May 10, 2019

Availability of legal weed expands across the Rust Belt

Ohio, Michigan, Pennsylvania make strides toward expanding medical marijuana use


Photo BY Ed Andrieski/ASSOCIATED PRESS

In Ohio, the state’s medical board is poised to decide whether to add anxiety and autism spectrum disorder to the list of conditions for which residents can obtain medical marijuana.

A committee of four members of the State Medical Board of Ohio OK’d those two conditions to be approved by the full board. (However, they voted against allowing marijuana use for depression, insomnia, and opioid use disorder, according to Cleveland.com.)

Meantime, Ohio’s attorney general, alongside 38 other AGs, is urging Congress to pass a law that would allow marijuana businesses in states where the drug is legal to utilize the federal banking system.

Pennsylvania, which currently allows medical marijuana use for 21 conditions, could soon expand that list to include Tourette’s syndrome and anxiety.

But things are really moving in Michigan. Detroit rolled out its first service to deliver medical marijuana to people’s homes, and the state’s attorney general formed a work group to ease the implementation of laws that would legalize recreational marijuana use.

Pennsylvania Lieutenant Governor John Fetterman continues his “marijuana listening tour” this weekend, with stops in McKeesport and Homestead on Saturday.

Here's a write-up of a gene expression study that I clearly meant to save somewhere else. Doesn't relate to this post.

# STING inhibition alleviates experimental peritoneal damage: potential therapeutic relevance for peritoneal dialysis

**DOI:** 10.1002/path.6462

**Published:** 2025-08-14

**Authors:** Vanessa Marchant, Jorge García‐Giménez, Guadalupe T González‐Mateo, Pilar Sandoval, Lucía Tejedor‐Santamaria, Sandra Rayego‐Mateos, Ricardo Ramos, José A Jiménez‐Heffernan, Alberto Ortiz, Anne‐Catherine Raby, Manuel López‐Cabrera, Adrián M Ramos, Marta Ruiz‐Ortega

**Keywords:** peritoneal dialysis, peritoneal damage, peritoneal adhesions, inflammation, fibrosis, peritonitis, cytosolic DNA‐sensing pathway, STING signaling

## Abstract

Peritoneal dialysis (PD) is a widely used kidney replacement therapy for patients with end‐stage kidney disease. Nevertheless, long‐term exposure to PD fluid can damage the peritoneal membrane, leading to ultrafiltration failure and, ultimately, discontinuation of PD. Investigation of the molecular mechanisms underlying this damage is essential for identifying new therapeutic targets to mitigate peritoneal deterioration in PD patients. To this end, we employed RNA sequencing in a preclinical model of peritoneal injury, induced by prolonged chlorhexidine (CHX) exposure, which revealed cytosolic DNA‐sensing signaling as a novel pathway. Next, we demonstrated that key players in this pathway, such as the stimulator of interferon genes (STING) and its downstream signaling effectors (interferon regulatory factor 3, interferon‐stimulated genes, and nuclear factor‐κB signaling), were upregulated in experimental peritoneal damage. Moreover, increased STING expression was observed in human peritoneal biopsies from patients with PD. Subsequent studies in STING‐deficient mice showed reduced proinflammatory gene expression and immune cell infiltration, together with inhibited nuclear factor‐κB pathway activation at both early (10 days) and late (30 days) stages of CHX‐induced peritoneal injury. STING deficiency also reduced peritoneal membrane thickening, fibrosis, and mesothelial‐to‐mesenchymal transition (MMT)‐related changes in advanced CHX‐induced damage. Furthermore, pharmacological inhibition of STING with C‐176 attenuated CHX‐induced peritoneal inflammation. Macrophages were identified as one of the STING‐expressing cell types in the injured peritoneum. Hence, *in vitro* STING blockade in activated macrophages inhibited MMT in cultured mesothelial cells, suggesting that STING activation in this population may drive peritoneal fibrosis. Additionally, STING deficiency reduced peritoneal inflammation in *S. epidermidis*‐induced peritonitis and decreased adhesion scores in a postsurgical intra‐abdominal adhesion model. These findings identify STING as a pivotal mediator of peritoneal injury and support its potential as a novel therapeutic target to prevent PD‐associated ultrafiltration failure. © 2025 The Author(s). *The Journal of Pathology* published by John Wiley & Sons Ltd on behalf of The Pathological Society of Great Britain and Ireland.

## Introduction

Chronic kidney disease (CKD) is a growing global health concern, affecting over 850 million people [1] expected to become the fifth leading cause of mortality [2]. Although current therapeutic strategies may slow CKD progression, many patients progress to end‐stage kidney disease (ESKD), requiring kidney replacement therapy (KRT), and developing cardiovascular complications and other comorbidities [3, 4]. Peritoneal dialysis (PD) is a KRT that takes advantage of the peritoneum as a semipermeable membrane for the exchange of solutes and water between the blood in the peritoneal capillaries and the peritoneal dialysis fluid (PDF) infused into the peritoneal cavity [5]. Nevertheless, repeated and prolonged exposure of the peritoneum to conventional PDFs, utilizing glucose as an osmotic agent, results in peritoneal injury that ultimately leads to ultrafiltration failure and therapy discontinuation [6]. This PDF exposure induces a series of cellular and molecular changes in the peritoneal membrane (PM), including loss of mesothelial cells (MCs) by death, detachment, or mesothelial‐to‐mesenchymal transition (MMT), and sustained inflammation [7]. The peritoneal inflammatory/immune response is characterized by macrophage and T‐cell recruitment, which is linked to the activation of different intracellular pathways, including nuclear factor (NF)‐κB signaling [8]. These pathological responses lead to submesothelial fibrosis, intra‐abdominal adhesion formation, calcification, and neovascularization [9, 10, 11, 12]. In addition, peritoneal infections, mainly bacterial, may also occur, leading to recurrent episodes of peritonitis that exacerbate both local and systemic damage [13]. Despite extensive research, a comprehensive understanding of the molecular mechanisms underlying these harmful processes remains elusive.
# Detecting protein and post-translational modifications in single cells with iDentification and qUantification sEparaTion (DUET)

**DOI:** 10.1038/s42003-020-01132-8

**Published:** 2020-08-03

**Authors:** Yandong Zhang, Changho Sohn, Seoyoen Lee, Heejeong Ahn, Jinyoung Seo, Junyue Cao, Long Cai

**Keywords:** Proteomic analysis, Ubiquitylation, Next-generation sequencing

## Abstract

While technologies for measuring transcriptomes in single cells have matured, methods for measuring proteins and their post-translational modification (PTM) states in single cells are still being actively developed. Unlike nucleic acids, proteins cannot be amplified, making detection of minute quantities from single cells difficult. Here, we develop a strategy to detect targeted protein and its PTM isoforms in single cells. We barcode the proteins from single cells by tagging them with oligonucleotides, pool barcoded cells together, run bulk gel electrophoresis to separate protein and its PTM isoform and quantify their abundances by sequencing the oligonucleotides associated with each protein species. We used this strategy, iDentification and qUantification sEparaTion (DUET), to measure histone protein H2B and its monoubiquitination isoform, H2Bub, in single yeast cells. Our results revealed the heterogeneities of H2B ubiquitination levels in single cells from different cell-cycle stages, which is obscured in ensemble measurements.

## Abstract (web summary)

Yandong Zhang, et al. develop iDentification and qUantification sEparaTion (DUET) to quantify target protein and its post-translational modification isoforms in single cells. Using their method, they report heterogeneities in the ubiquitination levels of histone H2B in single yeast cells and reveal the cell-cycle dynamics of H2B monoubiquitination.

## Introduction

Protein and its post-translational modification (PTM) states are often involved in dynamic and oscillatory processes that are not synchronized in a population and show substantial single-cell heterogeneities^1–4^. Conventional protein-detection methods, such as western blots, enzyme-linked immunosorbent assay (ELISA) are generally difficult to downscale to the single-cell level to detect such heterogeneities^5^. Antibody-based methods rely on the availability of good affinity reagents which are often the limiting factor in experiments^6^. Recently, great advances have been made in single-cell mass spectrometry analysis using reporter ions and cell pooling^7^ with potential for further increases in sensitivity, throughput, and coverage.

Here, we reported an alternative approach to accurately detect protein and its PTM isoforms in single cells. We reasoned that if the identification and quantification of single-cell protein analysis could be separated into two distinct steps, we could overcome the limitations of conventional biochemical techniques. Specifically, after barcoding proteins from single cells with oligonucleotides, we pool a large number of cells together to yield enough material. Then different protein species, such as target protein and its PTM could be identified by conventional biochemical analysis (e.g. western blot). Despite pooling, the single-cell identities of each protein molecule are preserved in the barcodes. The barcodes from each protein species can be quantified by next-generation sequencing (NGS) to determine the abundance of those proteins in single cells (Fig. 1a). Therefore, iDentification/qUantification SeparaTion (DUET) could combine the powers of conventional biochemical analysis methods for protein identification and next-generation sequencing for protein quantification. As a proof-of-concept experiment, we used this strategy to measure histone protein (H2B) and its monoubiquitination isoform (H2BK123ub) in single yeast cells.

It’s a thoughtful approach to taking the temperature of the population, and one that would probably be beneficial when approaching new legislation on hot-button issues.

Fetterman noted in a piece in Pittsburgh’s City Paper that he’s found nearly unanimous support for marijuana decriminalization, and about 70 percent support for overall legalization.

“You can’t tell how people feel about marijuana — or maybe even anything else — by how they look, talk, or dress,” Fetterman wrote. “But with this tour, we’re seeing what everyday people believe about recreational marijuana.”

Photo by Justin Merriman of American Reportage
Annie Siebert, Postindustrial's editor-in-chief, began her journalism career as a copy editor on the Pittsburgh Post-Gazette's night city desk before reporting on the city's eastern suburbs. She then worked as an editor for S&P Global Platts' real-time news service; on freelance writing, editing, and researching projects; and for LedBetter, a data project that tracks corporate progress on equal opportunity and diversity.